Last week, Democrats swept into complete control of the Virginia state government. This momentous success comes a year after governor Ralph Northam (D-Va.) faced calls for resignation for a now-infamous racist image in his medical school yearbook. The next-in-line for the governorship had Northam resigned was Democratic Lieutenant Governor Justin Fairfax, who faced two sexual assault allegations. Should both men have stepped down without replacement, Attorney General Mark Herring, also a Democrat, would have assumed the office of the executive, but he too admitted to wearing blackface decades ago. The Democratic Party, which has been on a continual rise in Virginia for years, confronted the possibility that the mass resignation of their leadership would elevate Republican Kirk Cox, Speaker of the Virginia House, to the office of the governor. Terrified of this possibility, Democrats quietly backed down, forced no resignations and held onto all three offices.
Neither political party in the U.S. wants to fall from power and grace for any reason, especially for an embarrassing scandal. The thought of losing an executive office, in particular, is enough to make a party tremble. While Democrats are fully willing to condemn those within their own ranks, hold party members accountable and call for their removal, they maintain the same reluctance Republicans do toward sacrificing a seat of power.
When the yearbook image first came to light, the party, which has taken a zero-tolerance policy to such transgressions, immediately unified in calls for Northam’s resignation. This was not a particularly difficult political calculus to make; the party’s control of the executive branch would remain firm. When Fairfax was accused of sexual assault, the party again united against their own political figure in calls to step down, although this time with less force as some insisted on investigation and due process. When Herring admitted to his own use of blackface, the party fell suddenly silent.
Republicans experience no similar moral conflict. To be clear, Donald Trump has built his fortune through fraud, boastfully admitted to groping women and refused to rent apartments to black residents, leading President Nixon’s justice department to sue his organization for violating the Fair Housing Act. The man has ravaged ostensibly “conservative” values, demonstrated a decades-long indefensible history of racism and proven himself to be temperamentally unfit for office. If the GOP were to act on conscience, as the Democrats of Virginia did at first with their governor, and force out the president, their political power would be unaffected, and the status of the office would be restored.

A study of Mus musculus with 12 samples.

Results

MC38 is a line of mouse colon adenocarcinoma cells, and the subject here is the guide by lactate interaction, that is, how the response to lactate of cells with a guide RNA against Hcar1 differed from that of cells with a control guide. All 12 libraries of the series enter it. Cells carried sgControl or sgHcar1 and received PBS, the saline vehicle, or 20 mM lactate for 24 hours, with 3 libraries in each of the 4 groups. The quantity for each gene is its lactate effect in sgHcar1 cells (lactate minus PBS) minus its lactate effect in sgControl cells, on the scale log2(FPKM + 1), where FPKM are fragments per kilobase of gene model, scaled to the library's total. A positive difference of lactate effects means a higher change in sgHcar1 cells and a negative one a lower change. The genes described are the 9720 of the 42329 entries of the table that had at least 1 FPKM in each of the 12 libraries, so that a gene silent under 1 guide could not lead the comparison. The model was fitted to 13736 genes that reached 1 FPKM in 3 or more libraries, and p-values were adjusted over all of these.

For the duration of his presidential campaign — once he was declared the standard-bearer of the GOP — the Republicans of all levels frequently qualified their support for the candidate with faith that he would select conservative judges, advance deregulation, cut taxes and, most importantly, keep a Democrat out of the White House. Senate Majority Leader Mitch McConnell endorsed Trump for the purpose of preventing “a third term of Barack Obama.” Paul Ryan’s endorsement included the qualifier that “he and I have our differences,” but justified support for the nominee “on the issues that make up our agenda.” Polling data shows that Republican voters in 2016 identified as being motivated by Supreme Court nominations.
However, if these claims of agenda-driven allegiance were truthful, the party would have turned on the president after his election. Or any of his offensive statements or dangerous actions since taking office. Staunch conservative Mike Pence, untouched by scandal, would rise to lead the country and appoint a conservative vice president to be confirmed by the Republican-controlled Senate.
If Trump’s resignation or impeachment would lead to a Democrat taking his job, the Republican refusal to oppose him might be understood as a political necessity. But the fact that the president’s replacement would be the equally conservative and less scandal-prone Pence demonstrates the truth behind Republican support for the president: They like him and everything that comes with the package.
Democrats balk at driving their tainted leaders from office only when it might entail a shift in power, yet the GOP stands by their president — despite his successor being a Republican — as his moral depravity becomes ever more apparent. Trump’s cruel and violent personality, long history of racism and assault on American institutions, therefore, must themselves be part of his appeal. Democrats turn on their tainted members; Republicans evidently do not consider Trump to be tainted.
Democrats must stop waiting for when Republicans “come to their senses,” or for them to declare “enough is enough.” The two sides are assessing the president while their moral compasses point toward different poles.
The Virginia Democrats’ political calculus paid off last week. The executive branch they clung to is now empowered by a blue legislature. Republicans, on the other hand, have experienced a steady attrition in state and congressional seats over the course of the three midterm elections following 2016. The Trump brand is driving voters away from his party.
As Mike Pence has a significantly higher net approval rating than President Trump, it could even be politically advantageous to elevate him to the presidency and run him in 2020. The GOP’s inclination to back an unpopular president and risk electoral defeat over switching to a respectable figurehead with far greater national support exposes the daunting truth of this era: Donald Trump defines the Republican Party, not just politically, but morally, too.
Elijah Fox is a junior in the School of Industrial and Labor Relations. He can be reached at email@example.com. What Does the Fox Say? runs every other Thursday this semester.